Today was bringing no relief from the hot and humid weather that closed some schools yesterday, added to Maryland farmers' worries and set a record temperature for the Baltimore region.
Today was expected to be a wilting carbon copy of yesterday. And tomorrow will be a carbon copy of today, except there might be some evening thunderstorms in the metropolitan region.
Dick Diener, a National Weather Service forecaster, said today's temperatures would be in the upper 80s or low 90s, accompanied by enough humidity to make the heat a trifle more uncomfortable.
As the day progressed, Diener said, winds were shifting out of the south to bring in a little more warm, moist air.
"The only people who might benefit from that wind shift will be those on the Eastern Shore who will get a pretty nice sea breeze," he said.
The question is: Can they bottle that stuff and ship it up this way?
When the thermometer at Baltimore-Washington International Airport reached a record 92 degrees at 4:30 p.m. yesterday, it marked the sixth 90-plus day this month.
"That ties the record for the most 90-degree days in May at the airport," said Fred Davis, chief National Weather Service meteorologist at BWI. The record was set in 1970.
The temperature also topped 90 degrees downtown yesterday for the sixth time this month. But the record for 90-plus days in May downtown is nine, also set in 1970. The 90-degree heat closed schools three hours early yesterday in Anne Arundel County, and failed air conditioners forced two Baltimore City schools with sealed windows to send students home.
Maryland farmers and home gardeners, meanwhile, are watching the skies for rain as they watch their early vegetables droop from thirst.
"We need rain, now," said Tony Evans, spokesman for the Maryland Department of Agriculture.
The forecast calls for continued hot weather through Saturday, with high temperatures in the upper 80s and a chance of weekend showers and thunderstorms. Sunday should bring some relief from the heat, with highs forecast in the low to mid 80s.
The 10-day outlook predicts above-normal temperatures and near normal precipitation, with highs in the 80s through June 6.
The hot spell has melted several records, beginning last Saturday, when the temperature reached 94 degrees at the airport and in the city. The old records were both 90 degrees, set in 1981 at both locations, Davis said.
On Sunday, the thermometer reached 93 degrees at BWI, tying the record set in 1957.
A 32-year-old record fell at the airport yesterday when the high reached 92 degrees. It was also 92 downtown, but the record there was safe: 97 degrees set in 1941.
The hot weather is aggravating problems that farmers were already were worrying about -- mostly the result of sparse rainfall.
"They're not in any deep trouble yet," said Evans, but "they're beginning to worry." Maryland farmers struggled through four drought years in the 1980s, and an extremely wet year in 1989.
Only 1.16 inches of rain had fallen in May through yesterday, well short of the 3.44 inches that fall in an average May. February and April also were dry. Only a soggy March has prevented a more serious moisture shortage.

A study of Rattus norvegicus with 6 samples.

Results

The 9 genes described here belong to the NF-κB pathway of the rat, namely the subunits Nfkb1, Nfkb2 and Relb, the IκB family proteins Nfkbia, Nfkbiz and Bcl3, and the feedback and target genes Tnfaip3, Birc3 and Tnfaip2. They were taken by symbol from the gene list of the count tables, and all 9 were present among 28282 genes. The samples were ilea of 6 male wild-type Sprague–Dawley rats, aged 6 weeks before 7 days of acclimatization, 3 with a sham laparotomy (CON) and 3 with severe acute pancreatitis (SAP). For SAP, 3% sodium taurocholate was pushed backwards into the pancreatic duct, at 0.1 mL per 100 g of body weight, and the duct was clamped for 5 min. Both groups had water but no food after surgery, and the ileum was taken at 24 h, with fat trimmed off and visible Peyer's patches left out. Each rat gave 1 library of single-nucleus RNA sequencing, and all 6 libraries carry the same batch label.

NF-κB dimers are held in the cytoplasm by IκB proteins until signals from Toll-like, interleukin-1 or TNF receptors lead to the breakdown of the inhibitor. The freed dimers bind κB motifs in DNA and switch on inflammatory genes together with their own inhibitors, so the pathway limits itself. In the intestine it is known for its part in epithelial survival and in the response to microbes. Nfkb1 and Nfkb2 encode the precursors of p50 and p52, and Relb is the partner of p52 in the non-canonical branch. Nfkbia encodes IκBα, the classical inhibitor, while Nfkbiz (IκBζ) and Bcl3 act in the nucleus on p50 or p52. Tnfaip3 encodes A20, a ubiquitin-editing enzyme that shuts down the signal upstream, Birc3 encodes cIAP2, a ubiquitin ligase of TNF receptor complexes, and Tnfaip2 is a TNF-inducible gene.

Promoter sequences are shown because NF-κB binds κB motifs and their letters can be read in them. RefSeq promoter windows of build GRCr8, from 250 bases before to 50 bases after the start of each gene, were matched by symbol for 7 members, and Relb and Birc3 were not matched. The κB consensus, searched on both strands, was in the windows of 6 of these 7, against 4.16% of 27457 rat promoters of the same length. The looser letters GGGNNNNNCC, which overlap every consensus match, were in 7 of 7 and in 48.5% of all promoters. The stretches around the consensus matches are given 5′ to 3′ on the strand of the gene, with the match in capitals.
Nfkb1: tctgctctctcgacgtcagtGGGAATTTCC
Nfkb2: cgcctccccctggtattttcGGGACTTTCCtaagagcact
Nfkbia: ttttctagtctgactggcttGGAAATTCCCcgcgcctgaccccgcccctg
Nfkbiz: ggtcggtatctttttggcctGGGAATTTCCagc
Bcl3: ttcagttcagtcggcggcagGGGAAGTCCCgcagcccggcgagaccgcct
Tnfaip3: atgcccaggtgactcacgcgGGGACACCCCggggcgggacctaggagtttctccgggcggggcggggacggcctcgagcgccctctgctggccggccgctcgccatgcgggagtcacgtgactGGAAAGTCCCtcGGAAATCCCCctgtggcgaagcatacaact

"Normally, by April we've gotten half the normal rainfall [for the year], and here it is the 28th of May and we've had just a little under a third of our normal rainfall," Evans said.
Yesterday morning's sprinkle was just a "tease," he said, "like a cat spitting."
The dry weather has already shortened the bearing period for strawberries from three weeks to two, he said. Late-planted peas are also expected to provide less abundant picking.
At home, Marylanders are sprinkling or watching their gardens parch and their lawns turn brown.
"I mulched heavily two weeks ago, and normally I wouldn't do that until the middle of June," Evans said.
"I have a tremendous amount of organic matter in my soil, and I notice when I come out in the morning the broccoli and cauliflower, which have big leaves, are standing straight as an Indian. But when I come home, they're droopy."
The heat closed schools three hours early in Anne Arundel County yesterday.
In Baltimore, Southern High School and Lockerman-Bundy Elementary School closed early because of air-conditioning problems.
Most city schools are not air conditioned but have windows that can be opened to help cool them. Schools that have air conditioning have windows that can't be opened, he said.
School department policy calls for a citywide closing if the temperature in the city reaches 90 degrees before 11 a.m. on a school day.
Harford County canceled afternoon kindergarten classes because of the heat, but students elsewhere put in a full day.
The heat has air conditioners running all across the region. But officials at Baltimore Gas & Electric said consumers have not set any records, and the utility's generators were able to keep up with demand.
"It looks like we're running nearly 10 percent under our previous peak," said BG&E spokesman John A. Metzger. The record load of 5,477 megawatts was set last year in the hour ending at 5 p.m. July 9.